Building an Eco-Friendly No-Kill Mousetrap

(where eco-friendly means using garbage from around the house)

A little after Halloween, I found a bag of leftover candy in my apartment that had a hole chewed in it. I figured it was probably a mouse, but since I hadn't seen any other signs, I forgot about it until last week when I heard a stirring from the trashcan behind me as I did dishes. I turned around and saw a mouse sitting on top of the nearly overflowing trashcan. It saw my movement and jumped down and scurried along the wall to the water-heater-closet.

I was freaked out.

In my mind the mouse grew into a large and scaly rat, slobbering on a pile of garbage in my apartment. I put some phonebooks by the door to the closet to try to contain him, knowing full well it wouldn't hold him back but I wanted to make his life more difficult, since he was currently making mine uncomfortable just by existing in my space.

I went away for the weekend and when I came back, I hoped that maybe he had just been passing through on his way to bigger and better things. I had put all of my food away where he probably couldn't get to it, but sadly he still managed to find a reason to stick around. I needed him out because I was really worried that he would come poop on my face while I slept.

Not killing stuff is something I'm into, so I looked into options for traps to capture the interloper alive. Sadly, my local grocery store was all out of the no-kill traps, but had shelves overflowing with poisons, sticky-mats, and the classic snap-trap (now with a weird plastic yellow-swiss platform for bait placement).

I passed on the traps and went to the internet, where I found a couple of interesting options for homemade humane traps.

Mousetrap #1:

The first mousetrap I saw when searching for 'humane mouse trap' was at ''. The concept is simple enough; Make an antlion den out of a 2-liter bottle. Unfortunately, the instructions make it a bit more involved than it needs to be and the concept makes some pretty hefty assumptions. For instance, the entrance to the trap is about 8-10inches off the ground. The instructions say "Mice can jump this high easily. If your mouse doesn't jump into this trap you probably have a lazy mouse" or something like that. I didn't like that logic and figured that my mouse was probably as lazy as me, so after a couple nights with no results I built a staircase of books to make getting into the trap easier. It reminded me of a pyramid or incan temple, with a steep staircase up to the top. Perhaps these great civilizations had rat problems of their own.

Even after greasing the entrance with olive oil and putting peanut butter and crackers in the bottom, the mouse didn't take the plunge. I did catch a couple of roaches though, which did not make me feel good at all.

Mousetrap #2

The second moustrap I tried, was suggested by an internet friend and involved putting peanut butter in the end of a paper-towel-tube, and setting the tube on the edge of a counter with a trashcan underneath it.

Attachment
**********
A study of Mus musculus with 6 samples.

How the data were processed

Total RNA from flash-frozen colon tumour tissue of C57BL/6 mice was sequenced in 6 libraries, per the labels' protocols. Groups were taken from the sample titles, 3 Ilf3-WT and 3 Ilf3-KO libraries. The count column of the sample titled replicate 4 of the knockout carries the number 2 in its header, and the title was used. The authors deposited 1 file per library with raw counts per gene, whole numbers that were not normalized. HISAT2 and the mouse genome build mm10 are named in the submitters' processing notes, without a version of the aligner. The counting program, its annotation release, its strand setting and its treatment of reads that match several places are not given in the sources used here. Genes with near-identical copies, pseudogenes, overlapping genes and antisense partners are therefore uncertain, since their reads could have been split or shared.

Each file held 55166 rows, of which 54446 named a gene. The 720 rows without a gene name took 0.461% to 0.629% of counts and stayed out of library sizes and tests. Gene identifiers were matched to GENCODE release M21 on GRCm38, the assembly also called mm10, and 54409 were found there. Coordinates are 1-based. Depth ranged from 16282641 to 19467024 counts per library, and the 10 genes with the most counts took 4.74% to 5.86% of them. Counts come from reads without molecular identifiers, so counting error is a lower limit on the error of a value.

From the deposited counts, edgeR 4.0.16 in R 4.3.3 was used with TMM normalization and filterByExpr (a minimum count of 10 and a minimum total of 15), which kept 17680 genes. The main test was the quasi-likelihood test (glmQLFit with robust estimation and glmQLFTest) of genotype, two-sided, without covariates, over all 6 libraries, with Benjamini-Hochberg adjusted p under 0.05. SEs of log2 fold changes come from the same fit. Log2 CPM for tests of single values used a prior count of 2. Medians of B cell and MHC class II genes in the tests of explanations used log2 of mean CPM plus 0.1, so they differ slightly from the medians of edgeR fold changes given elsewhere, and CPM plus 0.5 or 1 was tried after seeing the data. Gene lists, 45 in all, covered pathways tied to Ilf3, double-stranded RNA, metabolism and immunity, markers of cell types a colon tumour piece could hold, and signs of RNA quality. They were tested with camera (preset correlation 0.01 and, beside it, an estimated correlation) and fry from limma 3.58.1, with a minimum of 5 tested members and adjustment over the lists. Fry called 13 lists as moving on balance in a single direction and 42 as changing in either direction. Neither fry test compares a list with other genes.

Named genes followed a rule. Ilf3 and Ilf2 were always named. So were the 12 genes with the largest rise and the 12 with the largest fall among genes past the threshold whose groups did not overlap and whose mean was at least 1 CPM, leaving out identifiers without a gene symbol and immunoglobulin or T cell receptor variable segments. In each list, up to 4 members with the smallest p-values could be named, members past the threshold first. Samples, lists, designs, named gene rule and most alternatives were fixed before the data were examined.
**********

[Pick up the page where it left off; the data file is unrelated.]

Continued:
The idea is, when the mouse tries to get the peanut butter, he throws the tube off balance and it should fall into the trashan with the mouse inside it. The idea sounds ingenius and simple, however I had never seen my mouse on the counter and this trick made me discover that there were a bunch of little poops behind the faucet of my sink, which gave me the jibblies.

Sadly, as cool and easy to set up as this trap was, it did not catch my mouse.

Mousetrap #3 I really didn't want the mouse anywhere near me, particularly when I'm asleep. I try to sleep with my mouth closed but sometimes it opens and the last thing I want to wakeup to is a mouthful of fur and feces.

I set up walls in my kitchen and hallway to keep the mouse from his ultimate goal of pooping on my face while I slept. I took boxes and furniture and poitioned them at the bottleneck areas of the house, hoping the mouse would be crawling along the walls and bypass my room thinking he was still running along the baseboards.

The trap that caught the mouse was one of these wall-making objects, a trashcan that I kept my recycleable-plastic bags in. I assume the mouse tried to jump over the wall and ended up inside the trashcan. Once inside, the plastic bag layer made it tough to get the sortof push-off one would need to jump out, and so he was trapped. I awoke to his scritch-scratching in the trashcan, and when I saw him in there I quickly covered the top with some cardboard to keep him locked in.


mousies new home

Later that day, I took him to work with me and on dropped him off at "Blob's Park", a polka hall with a big open field that has been purchased by developers. The mouse scampered off into the woods, but hopefully once the new condos are constructed he can move on in and ruin someone else's life.

Mousetrap #4

Another thing I tried was making a song about getting the mouse out of my house, but I am unsure whether that had any positive impact. Possibly it let him know he was unwelcome vermin, and encouraged him to get trapped!

Here's the song. Judge for yourself!